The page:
Stacy Nick
Firearms like these Ghostbusters proton packs would be allowed under the new firearms ban at Denver Comic Con.

While comic book crime fighters can keep donning their capes, tights and masks, organizers of Denver Comic Con have announced a new ban on some other cosplay choices.

In an effort to improve safety and keep the 110,000 attendee-strong event family-friendly, officials with Comic Con’s organizer, Pop Culture Classroomannounced that realistic firearms and showing too much skin are now prohibited.

Included on the banned list:

•Real and replica firearms of any kind – this includes BB guns, cap guns, paintball and pellet guns and airsoft guns

•Any prop firearms that are not easily identifiable as toys

•Projectile weapons of any kind, including Nerf and water guns

•Bladed metal or wooden weapons such as axes, daggers, hatchets, knives and swords, pocket blades, and ninja stars

•Blunt weapons including wooden or metal bats, clubs, brass knuckles, mallets, martial arts weapons, whips, golf clubs, and paddles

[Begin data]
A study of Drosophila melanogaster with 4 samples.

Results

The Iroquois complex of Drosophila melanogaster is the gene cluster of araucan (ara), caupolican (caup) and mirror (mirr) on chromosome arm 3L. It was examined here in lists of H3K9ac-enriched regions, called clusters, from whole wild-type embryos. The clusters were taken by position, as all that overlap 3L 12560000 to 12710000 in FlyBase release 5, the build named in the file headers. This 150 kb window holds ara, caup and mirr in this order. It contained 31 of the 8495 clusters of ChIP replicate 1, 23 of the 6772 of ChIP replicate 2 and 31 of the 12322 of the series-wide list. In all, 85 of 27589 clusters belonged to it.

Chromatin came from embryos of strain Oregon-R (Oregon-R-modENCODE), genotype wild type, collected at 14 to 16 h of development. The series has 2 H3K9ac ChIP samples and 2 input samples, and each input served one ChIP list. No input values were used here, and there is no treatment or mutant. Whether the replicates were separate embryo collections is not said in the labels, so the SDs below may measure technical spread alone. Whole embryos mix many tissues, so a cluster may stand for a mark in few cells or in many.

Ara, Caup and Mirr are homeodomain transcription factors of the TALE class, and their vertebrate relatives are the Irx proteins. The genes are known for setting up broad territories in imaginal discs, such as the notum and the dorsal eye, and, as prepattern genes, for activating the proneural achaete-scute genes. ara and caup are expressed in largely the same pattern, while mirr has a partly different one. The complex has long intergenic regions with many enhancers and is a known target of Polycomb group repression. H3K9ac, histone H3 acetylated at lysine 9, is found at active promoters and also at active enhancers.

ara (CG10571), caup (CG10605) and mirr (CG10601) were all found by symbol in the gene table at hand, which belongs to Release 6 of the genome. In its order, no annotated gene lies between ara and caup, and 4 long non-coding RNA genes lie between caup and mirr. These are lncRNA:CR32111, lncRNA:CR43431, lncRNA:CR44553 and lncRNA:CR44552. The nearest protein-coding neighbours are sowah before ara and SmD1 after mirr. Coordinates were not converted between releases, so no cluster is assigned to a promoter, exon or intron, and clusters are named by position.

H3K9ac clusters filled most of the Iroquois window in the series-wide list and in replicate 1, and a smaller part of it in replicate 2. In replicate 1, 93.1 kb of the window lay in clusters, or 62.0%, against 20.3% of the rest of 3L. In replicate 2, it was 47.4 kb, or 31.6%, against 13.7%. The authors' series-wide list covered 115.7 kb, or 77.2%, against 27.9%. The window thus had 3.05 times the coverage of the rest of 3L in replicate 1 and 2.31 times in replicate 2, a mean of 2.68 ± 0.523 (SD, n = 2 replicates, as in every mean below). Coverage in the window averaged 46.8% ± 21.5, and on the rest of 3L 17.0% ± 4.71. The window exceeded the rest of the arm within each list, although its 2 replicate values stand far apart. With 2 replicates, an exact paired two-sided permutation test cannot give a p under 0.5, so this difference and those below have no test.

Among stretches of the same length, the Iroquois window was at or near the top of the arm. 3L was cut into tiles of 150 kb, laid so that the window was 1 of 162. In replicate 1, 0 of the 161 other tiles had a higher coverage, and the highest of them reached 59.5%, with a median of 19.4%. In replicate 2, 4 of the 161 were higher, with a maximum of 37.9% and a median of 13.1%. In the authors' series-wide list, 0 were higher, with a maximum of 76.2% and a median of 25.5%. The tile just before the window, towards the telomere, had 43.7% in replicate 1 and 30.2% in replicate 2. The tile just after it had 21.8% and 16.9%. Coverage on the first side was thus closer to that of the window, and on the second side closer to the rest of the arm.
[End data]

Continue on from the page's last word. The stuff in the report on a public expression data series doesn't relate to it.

•Drones and dirigibles

•Selfie sticks

Additionally, cosplay costumes must – regardless of the wearer’s gender identification – provide a minimum of “sports bra-like” coverage on top with “leotard-type” coverage on bottom.

Prohibited costumes include:

•Thongs or “plumber’s butt”

•Bare chests, singlets, or Vampirella-type costumes

•Costumes where coverage comes primarily from sheer materials, pasties, body paint, liquid latex or prosthetics

•Flesh-colored garments not easily identifiable as clothing from 10 feet away

•Bare or stocking feet

•Rollerblades, roller-skates, or wheelies

All props must be “peace bonded” - a visible lock or tie that makes it clear the weapon is not intended for use. Cosplayers will be given a wristband to indicate that props have been approved by Comic Con staff.

Cosplayers are also advised to put weapon props away when outside the convention site to avoid confusion for the public and members of law enforcement.

Organizers stated that the bans were prompted by survey results following the 2016 Denver Comic Con, as well as similar policy changes from Florida Supercon, Baltimore Comic Con and New York Comic Con.

Denver Comic Con’s complete cosplay rules are available online.

Stacy was KUNC's arts and culture reporter from 2015 to 2021.